Montana has persistent gaps in its ability to respond to health emergencies, making it one of the poorest-performing states in the nation, according to a national report released Wednesday.
In the report, the 10th annual "Ready or Not? Protecting the Public from Diseases, Disasters, and Bioterrorism," Montana and Kansas scored the lowest, three out of 10 on key indicators of public health preparedness. Maryland, Mississippi, North Carolina, Vermont and Wisconsin scored highest, eight out of 10.
Thirty-five states and Washington, D.C., scored a six or lower.
States were scored on 10 indicators, including response readiness, the state’s commitment to funding public health programs, infectious-disease control, emergency management and vaccinating against whooping cough.
The report was prepared by the Trust for America's Health, a nonprofit, nonpartisan organization dedicated to disease prevention, and the Robert Wood Johnson Foundation, the nation's largest philanthropy devoted to improving American's health care.
The Trust for America's Health issues the report to provide an independent analysis of public health preparedness. The reports have found that while there has been significant progress toward improving public health preparedness over the past 10 years, particularly in core capabilities, gaps persist in the country’s ability to respond to health emergencies, ranging from bioterrorist threats to serious disease outbreaks to extreme weather events.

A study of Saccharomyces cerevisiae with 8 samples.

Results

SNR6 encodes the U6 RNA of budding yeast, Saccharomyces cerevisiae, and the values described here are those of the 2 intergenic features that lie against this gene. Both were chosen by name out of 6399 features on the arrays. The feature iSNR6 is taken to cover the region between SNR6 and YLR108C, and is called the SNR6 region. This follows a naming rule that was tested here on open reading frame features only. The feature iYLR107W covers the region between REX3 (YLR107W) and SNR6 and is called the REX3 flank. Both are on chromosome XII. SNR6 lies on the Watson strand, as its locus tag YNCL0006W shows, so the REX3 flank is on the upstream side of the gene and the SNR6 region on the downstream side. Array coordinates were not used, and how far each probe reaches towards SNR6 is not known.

Anna Whiting Sorrell, director of the Montana Department of Public Health and Human Services, said significant progress has been made toward improving public health preparedness across the nation and that the same can also be said of Montana. The department, she said, is proud of its public health laboratory and its ability to staff it sufficiently in the event of a public health emergency.
Whiting Sorrell said the state Health Department’s public health laboratory is also equipped to handle a wide range of tests in a timely manner.
“Several times throughout the year, DPHHS is vigilant about testing our response time to make sure we’re ready to fill our role in an emergency response,” Whiting Sorrell said. “Whether it’s H1N1, flooding or wildfires that have impacted Montana in recent years, DPHHS has met our obligations in responding to these types of emergencies.”
In the past decade, a series of significant health emergencies have emerged, including extreme weather events, a flu pandemic and foodborne outbreaks, said Jeffrey Levi, executive director of Trust for America’s Health.
“But for some reason, as a country, we haven’t learned that we need to bolster and maintain a consistent level of health emergency preparedness,” Levi said. “Investments made after Sept. 11, the anthrax attacks and Hurricane Katrina led to dramatic improvements, but now budget cuts and complacency are the biggest threats we face.”
The "Ready or Not?" report provides a snapshot of the nation’s public health emergency preparedness. Its indicators were developed in consultation with leading public health experts based on data from publicly available sources or information provided by public officials.
Public health preparedness has improved leaps and bounds from where we were 10 years ago, said Paul Kuehnert, director of the public health team at the Robert Wood Johnson Foundation.
“But severe budget cuts at the federal, state and local levels threaten to undermine that progress,” Kuehnert said. “We must establish a baseline of ‘better safe than sorry’ preparedness that should not be crossed.”